2022 Utility Rate Survey Results

AE2S Nexus has begun mailing or hand delivering the 2022 edition of the annual Utility Rate Survey. We would like to thank the 274 participants this year. AE2S Nexus received responses from 131 systems serving populations 5,000 and greater, 97 systems serving populations less than 5,000, and 46 Regional Rural systems.  Survey data was solicited from utilities in Colorado, Iowa, Minnesota, Montana, Nebraska, North Dakota, South Dakota, Utah, and Wyoming.

Two survey reports have been prepared: one for systems serving 5,000 people or more, including systems in the Minneapolis/St. Paul metro area; and a second survey for systems that serve fewer than 5,000 people, as well as Regional Rural Water Systems. In appreciation for volunteering to provide survey information, each participant receives a hard copy of the complete report.

Reported 2022 Rate Increases

Of the survey respondents serving greater than 5,000 people, 27 are among those in the Minneapolis/St. Paul metro area that receive wastewater services from the Metropolitan Council – Environmental Services. Results from the metro area respondents indicate that 93% of the responding systems implemented an increase to water rates in 2022. For the same group, 89% of wastewater systems and 80% of stormwater systems increased rates in 2022.

Among the 104 respondents from the non-metro systems serving populations greater than 5,000 people, 67% reported water rate increases, and 60% reported wastewater rate increases in 2022, while 47% of stormwater systems experienced a rate increase. The average percent increase for each utility by population is shown in Figure 1 for metro and non-metro systems serving 5,000 or more people.

Overall, the average increases in 2022 for water, wastewater, and stormwater systems serving 5,000 people or more were 5.6%, 6.7%, and 12.1%, respectively. For comparison, in 2021 the average rate increases for systems of this size were 5.7% for water, 5.6% for wastewater, and 9.8% for stormwater.

For systems serving fewer than 5,000 people, 55% of respondents reported an increase to water rates, 46% increased wastewater rates, while 46% also reported a stormwater rate increase in 2022.  For the small systems that reported increases in 2022, Figure 2 illustrates the average increases by population.  Among the systems serving fewer than 5,000 people, the average reported increases for 2022 were 7.9% for water, 10% for wastewater, and 6.3% for stormwater.  Water and wastewater rate increases reported last year were 7.9% and 9.2%, respectively. With 13 of 28 respondents reporting an increase to the stormwater rate, 2022 is the first year in which the number of small systems reporting an increase to the stormwater rate was large enough to calculate a representative average.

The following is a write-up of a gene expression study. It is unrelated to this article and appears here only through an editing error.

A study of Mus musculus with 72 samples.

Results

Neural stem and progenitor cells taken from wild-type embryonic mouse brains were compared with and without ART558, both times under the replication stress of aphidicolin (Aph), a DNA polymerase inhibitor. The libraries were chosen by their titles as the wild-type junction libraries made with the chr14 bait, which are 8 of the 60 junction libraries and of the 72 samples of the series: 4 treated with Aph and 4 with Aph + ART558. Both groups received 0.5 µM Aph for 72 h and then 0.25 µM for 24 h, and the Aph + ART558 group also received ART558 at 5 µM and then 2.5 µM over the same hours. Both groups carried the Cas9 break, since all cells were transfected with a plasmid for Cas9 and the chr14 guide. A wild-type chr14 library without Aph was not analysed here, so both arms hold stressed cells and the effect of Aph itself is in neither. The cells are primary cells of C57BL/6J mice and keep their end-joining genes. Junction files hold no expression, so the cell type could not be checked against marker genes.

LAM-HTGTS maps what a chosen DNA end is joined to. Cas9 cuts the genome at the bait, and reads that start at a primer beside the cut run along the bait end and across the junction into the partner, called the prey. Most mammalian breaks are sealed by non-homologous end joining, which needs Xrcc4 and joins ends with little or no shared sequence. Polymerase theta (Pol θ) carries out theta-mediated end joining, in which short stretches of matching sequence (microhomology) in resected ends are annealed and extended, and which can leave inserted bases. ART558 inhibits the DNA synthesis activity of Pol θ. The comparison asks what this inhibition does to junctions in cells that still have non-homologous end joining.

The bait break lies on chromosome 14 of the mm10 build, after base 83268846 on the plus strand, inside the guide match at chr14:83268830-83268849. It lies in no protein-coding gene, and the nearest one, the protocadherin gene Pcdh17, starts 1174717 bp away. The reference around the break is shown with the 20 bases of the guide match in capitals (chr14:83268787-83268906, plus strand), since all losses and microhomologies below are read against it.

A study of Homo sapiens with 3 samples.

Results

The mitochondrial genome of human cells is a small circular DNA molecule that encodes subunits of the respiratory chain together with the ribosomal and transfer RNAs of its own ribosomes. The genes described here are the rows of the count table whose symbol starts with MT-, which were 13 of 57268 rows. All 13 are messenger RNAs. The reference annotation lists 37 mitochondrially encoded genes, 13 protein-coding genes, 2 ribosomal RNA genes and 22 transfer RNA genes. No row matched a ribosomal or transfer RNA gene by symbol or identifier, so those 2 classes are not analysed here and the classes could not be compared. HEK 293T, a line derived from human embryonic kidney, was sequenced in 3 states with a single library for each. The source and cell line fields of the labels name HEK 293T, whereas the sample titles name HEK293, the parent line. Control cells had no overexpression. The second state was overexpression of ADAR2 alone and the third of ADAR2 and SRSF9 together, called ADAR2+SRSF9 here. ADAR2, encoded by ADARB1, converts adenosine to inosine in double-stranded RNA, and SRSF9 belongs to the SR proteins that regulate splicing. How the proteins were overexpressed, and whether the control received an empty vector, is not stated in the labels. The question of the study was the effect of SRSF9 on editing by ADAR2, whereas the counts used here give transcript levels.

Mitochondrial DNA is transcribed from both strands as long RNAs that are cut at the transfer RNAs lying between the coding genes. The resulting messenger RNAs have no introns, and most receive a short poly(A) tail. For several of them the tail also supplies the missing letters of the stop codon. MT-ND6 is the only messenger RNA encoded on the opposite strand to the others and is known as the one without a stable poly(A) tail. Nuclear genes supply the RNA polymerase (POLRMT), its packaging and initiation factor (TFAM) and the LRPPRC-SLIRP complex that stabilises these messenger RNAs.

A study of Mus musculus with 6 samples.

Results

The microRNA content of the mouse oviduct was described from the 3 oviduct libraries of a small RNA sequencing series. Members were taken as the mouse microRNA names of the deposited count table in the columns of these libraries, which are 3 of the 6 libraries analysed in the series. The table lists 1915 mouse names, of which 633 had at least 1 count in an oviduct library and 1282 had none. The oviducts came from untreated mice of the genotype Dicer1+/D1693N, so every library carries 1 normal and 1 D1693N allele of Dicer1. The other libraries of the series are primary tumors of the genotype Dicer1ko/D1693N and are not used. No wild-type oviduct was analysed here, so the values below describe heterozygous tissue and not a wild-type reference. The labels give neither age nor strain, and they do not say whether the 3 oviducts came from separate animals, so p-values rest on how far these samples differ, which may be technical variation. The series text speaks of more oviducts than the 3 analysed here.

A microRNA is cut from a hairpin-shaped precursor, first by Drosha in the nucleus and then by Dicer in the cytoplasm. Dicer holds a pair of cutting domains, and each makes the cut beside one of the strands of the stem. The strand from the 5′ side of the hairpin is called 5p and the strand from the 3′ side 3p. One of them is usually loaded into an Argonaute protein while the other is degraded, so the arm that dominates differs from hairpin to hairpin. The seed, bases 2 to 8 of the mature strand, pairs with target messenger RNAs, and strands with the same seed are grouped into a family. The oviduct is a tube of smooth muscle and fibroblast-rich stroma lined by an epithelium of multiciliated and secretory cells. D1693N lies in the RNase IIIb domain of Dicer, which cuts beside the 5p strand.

Figure 3 illustrates the 2022 average monthly water and wastewater charges by population grouping for all municipal survey respondents, based on an average monthly use of 6,000 gallons. Of the municipal respondents in 2022, 69% of 2022 respondents also participated in 2021.  Overall, the average monthly water and wastewater bill for 6,000 gallons increased by 1.8% from 2021, while the median bill for 6,000 gallons increased by 0.7%.

A summary of historical results reported by Regional Rural Water System rate survey participants since 2012 is provided in Figure 4, which shows the average median reported charges for 6,000 gallons of water each year. The number of respondents to the survey each year is also indicated.

Continued Upward Trend in Water & Wastewater Charges

From a historical perspective, the average water and wastewater charge for 6,000 gallons in our region from 2003 to 2022 has climbed at a rate higher than historical inflation values, based on the Consumer Price Index for All Urban Consumers (CPI-U). Figure 5 illustrates the change in average charges for 6,000 gallons of water and wastewater service since 2003* for systems serving greater than 5,000 people (including the Minneapolis/St. Paul metro area). Figure 6 indicates similar information for systems serving less than 5,000 people since 2006*. The results illustrate the challenge that utility managers and policy makers continue to experience in meeting financial demands on system operations, while striving to minimize user charge increases.

Note: The number of participants and geographical expanse of the annual rate survey has grown since 2003 and 2006.